Once in its neighbour's shadow, Jaigaon has now eclipsed Phuentsholing
Save for a few new constructions, the country's main commercial hub, Phuentsholing still wears the look it did some decades ago.
In juxtaposition, its neighbouring Indian town of Jaigaon across the border continues to flourish.
An elderly Jaigaon merchant remembered how tiny his town was more than some 20 years ago.
"It was known as Chandkona then," he said. "It was mostly filled with makeshift huts, from which people sold vegetables and fruits."
Elderly Phuentsholing town residents have witnessed the change, while remaining complacent about their stagnation. They said buildings mushroomed in the 1990's, followed by shopping complexes that sold imported garments, mainly from Thailand and China.
With expansive land, low labour and construction costs, and no municipal authority, Jaigaon expanded.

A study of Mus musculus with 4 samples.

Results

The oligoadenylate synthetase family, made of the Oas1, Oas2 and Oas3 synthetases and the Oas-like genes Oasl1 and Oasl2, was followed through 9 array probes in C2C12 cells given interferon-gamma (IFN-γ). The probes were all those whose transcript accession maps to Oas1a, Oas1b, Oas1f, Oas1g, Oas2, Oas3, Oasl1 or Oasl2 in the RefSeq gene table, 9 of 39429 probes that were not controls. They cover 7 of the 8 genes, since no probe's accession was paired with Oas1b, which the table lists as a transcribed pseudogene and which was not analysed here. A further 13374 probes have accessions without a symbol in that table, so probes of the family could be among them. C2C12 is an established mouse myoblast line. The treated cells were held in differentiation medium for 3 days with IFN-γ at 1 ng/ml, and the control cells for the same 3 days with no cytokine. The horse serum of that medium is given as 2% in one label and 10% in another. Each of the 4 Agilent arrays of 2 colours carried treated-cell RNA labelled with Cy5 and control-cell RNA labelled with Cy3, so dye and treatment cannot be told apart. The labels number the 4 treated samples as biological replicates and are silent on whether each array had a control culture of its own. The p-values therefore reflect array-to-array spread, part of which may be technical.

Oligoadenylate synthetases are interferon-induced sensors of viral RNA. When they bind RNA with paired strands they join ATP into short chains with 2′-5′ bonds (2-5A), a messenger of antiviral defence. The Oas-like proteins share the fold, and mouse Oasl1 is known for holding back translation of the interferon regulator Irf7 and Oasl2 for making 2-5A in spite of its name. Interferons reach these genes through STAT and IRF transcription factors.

Selling goods at wholesale rate to smaller shops around the country was commercially viable.
Tshering Tenzin, a resident of Phuentsholing, said within last decade a lot of shops were sold along with the goods. "Shop owners were either unsatisfied or they failed to sustain," he said.
"The town is overshadowed by Jaigaon," said Tashi Wangmo, another resident.
With thousands of people from across the country choosing to shop in Jaigaon over Phuentsholing, it remains uncertain as to whether Phuentsholing really is the country's commercial hub.
Many Bhutanese are seen in Jaigaon as early as eight in the morning, and their shops are opening at about seven.
And the town offers a lot more compared to Phuentsholing. The cold may have pushed thousands from up north to Phuentsholing, but it may not be their only destination.
Apart from goods and commodities, Jaigaon also accommodates the Bhutanese in times of housing crunch.